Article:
Luke and Owen Buckmaster.
- Twins Luke and Owen Buckmaster were 20 when they launched Doughboys Pizza.
- The business supplies short-staffed hospitality businesses with premade pizza bases.
- They almost abandoned the company during the pandemic, but it made 300,000 pounds in under a year.
Twins Luke and Owen Buckmaster always hated school and couldn’t wait to leave. When they did, at age 16, they took different paths: Owen got an administrative job at a construction company, while Luke studied professional cookery and worked in a local pub.
Luke, from Windsor, England, became friendly with the pub owner and, when he learned she was struggling to recruit chefs, began helping her research quick and easy ways to serve food without the need for a qualified cook.
He began exploring premade pizza bases but was unimpressed with the UK’s available options, which he said were poor quality and “biscuity almost, like cardboard.”
But when he extended his search to Italy, he discovered that manufacturers were making hand-stretched, stone-baked bases to pizzeria standard. “We thought they were amazing,” Luke told Insider.
All understaffed hospitality businesses had to do was add mozzarella and tomato and put the pizzas in the oven.
The twins had always wanted to run their own business, and now they had their opportunity. They launched Doughboys Pizza together in early 2020, when they were both 20, working with an Italian manufacturer.
Having always been “financially savvy,” the twins had built up substantial savings and were able to put 10,000 pounds each into the company.
But within a month of launching, the pandemic hit, and potential clients, such as pubs and restaurants, were forced to close.
“It stopped us in our tracks,” Luke said.
With no idea how long the pandemic would last, they took jobs in local supermarkets and put the business on hold. They kept the stock they had already shipped over from Italy frozen.
By October 2020, the pandemic was far from over, but they decided to give Doughboys Pizza another go.
With the help of consultants, whom they were able to afford by using some of the money they had initially put into the business, they created a new strategy and identified new areas to tap into.
This included the launch of an at-home “pizza in the post” kit, inspired by the rapid growth of meal-kit firms, such as HelloFresh and Mindful Chef, during lockdown.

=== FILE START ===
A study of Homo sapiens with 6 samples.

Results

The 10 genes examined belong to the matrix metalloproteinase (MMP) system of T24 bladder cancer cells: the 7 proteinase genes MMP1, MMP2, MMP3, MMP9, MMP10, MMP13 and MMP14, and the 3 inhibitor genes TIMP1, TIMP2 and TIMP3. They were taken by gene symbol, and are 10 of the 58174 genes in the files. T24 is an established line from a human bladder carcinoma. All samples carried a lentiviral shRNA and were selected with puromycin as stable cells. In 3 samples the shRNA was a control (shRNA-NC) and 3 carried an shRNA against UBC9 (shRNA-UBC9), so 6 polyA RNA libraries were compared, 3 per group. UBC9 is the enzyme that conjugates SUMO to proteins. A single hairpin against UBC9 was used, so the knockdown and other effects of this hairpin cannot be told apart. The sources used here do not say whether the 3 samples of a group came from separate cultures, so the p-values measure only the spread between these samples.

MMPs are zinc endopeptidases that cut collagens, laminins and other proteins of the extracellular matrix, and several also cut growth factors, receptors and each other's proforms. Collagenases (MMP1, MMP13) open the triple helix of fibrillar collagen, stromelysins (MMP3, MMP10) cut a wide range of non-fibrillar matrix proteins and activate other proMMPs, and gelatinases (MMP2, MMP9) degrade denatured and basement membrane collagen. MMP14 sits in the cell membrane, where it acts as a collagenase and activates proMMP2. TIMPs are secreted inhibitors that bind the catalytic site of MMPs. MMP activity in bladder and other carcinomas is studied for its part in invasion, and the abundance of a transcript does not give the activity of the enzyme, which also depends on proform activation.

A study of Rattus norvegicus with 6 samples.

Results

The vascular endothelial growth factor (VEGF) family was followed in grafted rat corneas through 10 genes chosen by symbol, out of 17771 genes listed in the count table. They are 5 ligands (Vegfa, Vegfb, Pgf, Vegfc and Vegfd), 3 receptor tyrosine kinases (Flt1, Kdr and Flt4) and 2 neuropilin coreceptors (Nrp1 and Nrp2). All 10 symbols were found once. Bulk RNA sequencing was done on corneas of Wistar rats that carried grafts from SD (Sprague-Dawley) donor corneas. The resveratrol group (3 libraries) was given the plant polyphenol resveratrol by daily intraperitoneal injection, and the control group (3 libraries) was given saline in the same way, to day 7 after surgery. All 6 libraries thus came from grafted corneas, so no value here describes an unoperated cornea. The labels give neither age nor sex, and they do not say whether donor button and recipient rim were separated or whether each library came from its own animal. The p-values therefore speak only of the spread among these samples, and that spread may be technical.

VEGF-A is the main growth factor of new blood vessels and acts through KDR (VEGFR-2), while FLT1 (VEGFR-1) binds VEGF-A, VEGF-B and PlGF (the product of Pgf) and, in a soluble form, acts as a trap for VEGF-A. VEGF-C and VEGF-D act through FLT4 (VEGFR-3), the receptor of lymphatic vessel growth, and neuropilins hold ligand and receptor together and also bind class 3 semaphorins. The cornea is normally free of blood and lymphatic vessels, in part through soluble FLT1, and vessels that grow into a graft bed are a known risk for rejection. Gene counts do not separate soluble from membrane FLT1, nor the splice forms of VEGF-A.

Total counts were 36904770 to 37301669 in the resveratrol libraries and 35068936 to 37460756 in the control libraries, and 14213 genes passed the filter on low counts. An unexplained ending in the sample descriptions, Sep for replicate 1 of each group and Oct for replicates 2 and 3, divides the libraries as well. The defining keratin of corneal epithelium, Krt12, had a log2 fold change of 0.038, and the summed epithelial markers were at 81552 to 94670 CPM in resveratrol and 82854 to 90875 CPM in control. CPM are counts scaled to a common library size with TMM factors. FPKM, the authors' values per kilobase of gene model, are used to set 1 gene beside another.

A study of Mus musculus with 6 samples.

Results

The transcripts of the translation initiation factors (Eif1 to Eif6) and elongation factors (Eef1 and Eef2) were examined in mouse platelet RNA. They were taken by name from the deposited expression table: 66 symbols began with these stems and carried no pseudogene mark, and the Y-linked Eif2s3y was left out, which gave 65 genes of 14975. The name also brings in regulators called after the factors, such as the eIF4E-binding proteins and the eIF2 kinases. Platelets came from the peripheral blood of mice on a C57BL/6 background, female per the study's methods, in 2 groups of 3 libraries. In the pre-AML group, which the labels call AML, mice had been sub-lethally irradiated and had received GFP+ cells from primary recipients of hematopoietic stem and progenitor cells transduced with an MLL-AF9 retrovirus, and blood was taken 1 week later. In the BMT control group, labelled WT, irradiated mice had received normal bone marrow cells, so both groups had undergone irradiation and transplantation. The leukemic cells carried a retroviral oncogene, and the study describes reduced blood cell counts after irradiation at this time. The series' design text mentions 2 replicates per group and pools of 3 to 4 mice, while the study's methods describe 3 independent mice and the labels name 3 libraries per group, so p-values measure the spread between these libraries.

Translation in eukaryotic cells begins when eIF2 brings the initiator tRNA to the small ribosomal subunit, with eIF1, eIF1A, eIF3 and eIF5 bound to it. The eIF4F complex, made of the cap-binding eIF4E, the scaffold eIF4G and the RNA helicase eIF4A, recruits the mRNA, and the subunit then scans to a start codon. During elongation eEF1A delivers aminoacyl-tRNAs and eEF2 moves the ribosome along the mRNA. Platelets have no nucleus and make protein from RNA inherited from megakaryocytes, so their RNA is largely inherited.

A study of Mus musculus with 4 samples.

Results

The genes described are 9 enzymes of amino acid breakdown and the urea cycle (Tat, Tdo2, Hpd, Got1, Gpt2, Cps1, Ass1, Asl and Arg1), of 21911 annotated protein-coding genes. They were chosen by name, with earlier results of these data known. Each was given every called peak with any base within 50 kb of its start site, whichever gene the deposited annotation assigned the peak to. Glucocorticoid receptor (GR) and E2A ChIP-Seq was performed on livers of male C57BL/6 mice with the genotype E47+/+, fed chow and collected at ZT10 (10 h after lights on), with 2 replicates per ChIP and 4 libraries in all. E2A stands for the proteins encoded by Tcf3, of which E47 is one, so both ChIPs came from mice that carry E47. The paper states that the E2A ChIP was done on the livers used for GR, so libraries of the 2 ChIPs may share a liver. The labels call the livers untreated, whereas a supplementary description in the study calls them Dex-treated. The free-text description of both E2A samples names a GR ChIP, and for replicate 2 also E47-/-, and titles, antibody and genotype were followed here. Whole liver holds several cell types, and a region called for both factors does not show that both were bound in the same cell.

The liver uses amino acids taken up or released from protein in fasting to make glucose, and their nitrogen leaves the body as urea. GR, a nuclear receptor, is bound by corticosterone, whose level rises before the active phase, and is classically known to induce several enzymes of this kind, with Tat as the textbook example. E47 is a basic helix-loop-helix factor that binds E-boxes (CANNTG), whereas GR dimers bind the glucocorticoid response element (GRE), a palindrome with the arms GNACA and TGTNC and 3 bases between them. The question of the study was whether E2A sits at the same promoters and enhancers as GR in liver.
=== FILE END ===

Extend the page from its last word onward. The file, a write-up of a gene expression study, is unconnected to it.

At first, the kits were the driving force behind sales. Campaigns featuring foodie micro-influencers — such as @Gemmab.slimming and @The_greedy_ginger — helped spread the word on social media, and the brand now has more than 10,000 Instagram followers.
But as the pandemic eased and hospitality businesses gradually reopened in April, the business-to-business side grew. The pair began by contacting local businesses and others they found on LinkedIn.
“We very much started from scratch and almost went knocking on doors,” Luke said. “It was a lot of cold-calling to a certain degree, a lot of emails out to people. That got the ball rolling.”
Doughboys Pizza now works with about 250 establishments, including the Staycity Group of apartment hotels and a five-star hotel in London’s Chelsea, as well as with pubs, restaurants, and leisure centers.
They work with Bidfood, which has a distribution network of more than 30 depots in the UK, to deliver the product.
Month on month, the business was steadily growing by between 40% and 60%. In just under a year, it’s generated more than 300,000 pounds ($397,000) in turnover.
Luke attributed this turnover with only two full-time staff members to an efficient e-commerce platform and a system for managing customer data.
The twins plan to move into a new warehouse space in Windsor next month and hire their first two members of staff.
“I would say we’ve definitely had a little bit of luck, as well as obviously a lot of bad luck initially,” Luke said.
The requirement in winter 2020 that all pub customers needed to be served “a substantial meal” — rather than simply visit to drink — worked in their favor.
But otherwise, Luke credited word of mouth about the quality of their product with bringing in customers.
The twins also opted not to tie customers into lengthy contracts. This was a gamble, Luke said, but one he felt had paid off, given that 76% of the B2B clients the company worked with remained clients.
A rebrand in October 2020 — which involved revamping the brand’s logo and look, coming up with a new color scheme, and outlining “tone of voice” brand guidelines — was a big turning point for the company. The pair worked with Fresh Studio to develop the brand’s “young, bold, and engaging” feel, Luke said.
He added that they’d spent about 2,000 pounds on creative branding since the company’s inception, which felt like “a small fortune” at the time. He continued: “I think it was definitely worth that cost. It gave the brand a voice, a personality.”
The twins have taken up different roles, with Owen handling finance and operations and Luke dealing with sales and marketing.
But being 21 can have its drawbacks in the business world. In meetings, customers have commented on their age and said, “You’re younger than my kids,” Luke said.
He added that the business had “so many great loyal customers” that they “must be doing something right.”